Behind The Mic: Here's Why The 11 A.M. Newscast Was All 'Live'

NPR | Feb. 13, 2013 12:29 p.m.

Contributed By:

Mark Memmott

How many NPR staffers can you fit in one booth? From left to right: Craig Windham, Dave Mattingly, Mark Memmott and Korva Coleman.

How many NPR staffers can you fit in one booth? From left to right: Craig Windham, Dave Mattingly, Mark Memmott and Korva Coleman.

Dave Pignanelli

We don’t usually write about what happens in the NPR newsroom. That old line about not wanting to know how the sausage is made certainly applies in most cases.

But if you were tuned in at 11 a.m. ET and the newscast sounded a little different, it’s because some technical gremlins got hold of the pre-recorded reports from NPR’s correspondents and wouldn’t let go. So, it was “live radio” time.

Which meant that this blogger got to spent a few moments on the air talking with newscaster Paul Brown about the California manhunt story. Then the real radio professionals — Dave Mattingly, Craig Windham and Korva Coleman followed. They had conversations with Paul about today’s retail sales report, cyber security, and the president’s climate change proposals.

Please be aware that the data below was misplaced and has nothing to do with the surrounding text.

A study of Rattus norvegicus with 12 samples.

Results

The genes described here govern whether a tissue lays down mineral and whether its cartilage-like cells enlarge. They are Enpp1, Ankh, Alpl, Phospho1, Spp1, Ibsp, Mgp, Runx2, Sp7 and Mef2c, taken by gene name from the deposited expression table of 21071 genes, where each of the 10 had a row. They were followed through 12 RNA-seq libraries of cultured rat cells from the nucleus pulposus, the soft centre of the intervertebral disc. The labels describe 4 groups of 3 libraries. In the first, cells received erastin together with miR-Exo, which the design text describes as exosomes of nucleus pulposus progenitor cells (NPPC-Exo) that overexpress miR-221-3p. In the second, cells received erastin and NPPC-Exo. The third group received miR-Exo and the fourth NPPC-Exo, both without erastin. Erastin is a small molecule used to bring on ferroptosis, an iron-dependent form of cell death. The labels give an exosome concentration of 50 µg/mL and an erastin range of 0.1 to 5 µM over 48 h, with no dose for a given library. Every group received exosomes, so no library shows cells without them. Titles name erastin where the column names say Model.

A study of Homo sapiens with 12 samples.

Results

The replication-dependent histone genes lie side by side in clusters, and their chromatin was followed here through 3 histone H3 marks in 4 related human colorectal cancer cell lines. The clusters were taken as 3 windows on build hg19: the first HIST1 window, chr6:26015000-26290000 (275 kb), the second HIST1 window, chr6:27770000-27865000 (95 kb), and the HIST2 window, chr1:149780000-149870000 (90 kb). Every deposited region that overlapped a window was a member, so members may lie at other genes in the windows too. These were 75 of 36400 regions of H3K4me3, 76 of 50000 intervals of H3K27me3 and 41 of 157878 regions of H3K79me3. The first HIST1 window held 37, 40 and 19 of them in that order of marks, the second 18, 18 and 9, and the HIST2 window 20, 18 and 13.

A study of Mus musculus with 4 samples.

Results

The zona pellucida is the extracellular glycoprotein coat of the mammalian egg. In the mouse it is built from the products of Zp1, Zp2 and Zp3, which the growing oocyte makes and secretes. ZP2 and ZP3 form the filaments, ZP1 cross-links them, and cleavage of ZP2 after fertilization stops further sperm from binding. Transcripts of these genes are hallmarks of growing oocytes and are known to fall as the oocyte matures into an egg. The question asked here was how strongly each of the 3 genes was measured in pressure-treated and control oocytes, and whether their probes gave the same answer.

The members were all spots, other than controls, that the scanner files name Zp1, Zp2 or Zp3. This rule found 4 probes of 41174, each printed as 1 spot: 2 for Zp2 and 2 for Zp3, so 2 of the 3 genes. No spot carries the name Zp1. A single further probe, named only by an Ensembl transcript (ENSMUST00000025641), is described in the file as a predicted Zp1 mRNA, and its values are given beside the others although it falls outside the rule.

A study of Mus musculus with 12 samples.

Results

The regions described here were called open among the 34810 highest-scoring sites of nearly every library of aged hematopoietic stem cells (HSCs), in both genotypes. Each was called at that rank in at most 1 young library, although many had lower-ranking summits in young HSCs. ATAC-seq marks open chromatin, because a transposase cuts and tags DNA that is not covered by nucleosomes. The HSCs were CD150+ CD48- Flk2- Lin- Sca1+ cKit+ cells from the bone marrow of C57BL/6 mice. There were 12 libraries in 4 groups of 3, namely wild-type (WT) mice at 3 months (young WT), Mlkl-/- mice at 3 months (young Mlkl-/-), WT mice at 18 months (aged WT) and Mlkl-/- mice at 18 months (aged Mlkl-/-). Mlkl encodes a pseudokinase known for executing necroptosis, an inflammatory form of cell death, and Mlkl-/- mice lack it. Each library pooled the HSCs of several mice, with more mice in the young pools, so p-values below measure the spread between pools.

It was a bit of a circus as everyone switched places at the microphone. Thankfully, there had been time to prepare notes or to grab the scripts that had been written for the reports that were stuck somewhere in our audio system.

We’ll embed the audio. Hopefully, you’ll think it all worked out OK in the end.

The gremlins, by the way, have disappeared. Things are back to normal now. So, this blogger’s 60 seconds of radio fame have come and gone.

Copyright 2013 NPR. To see more, visit http://www.npr.org/.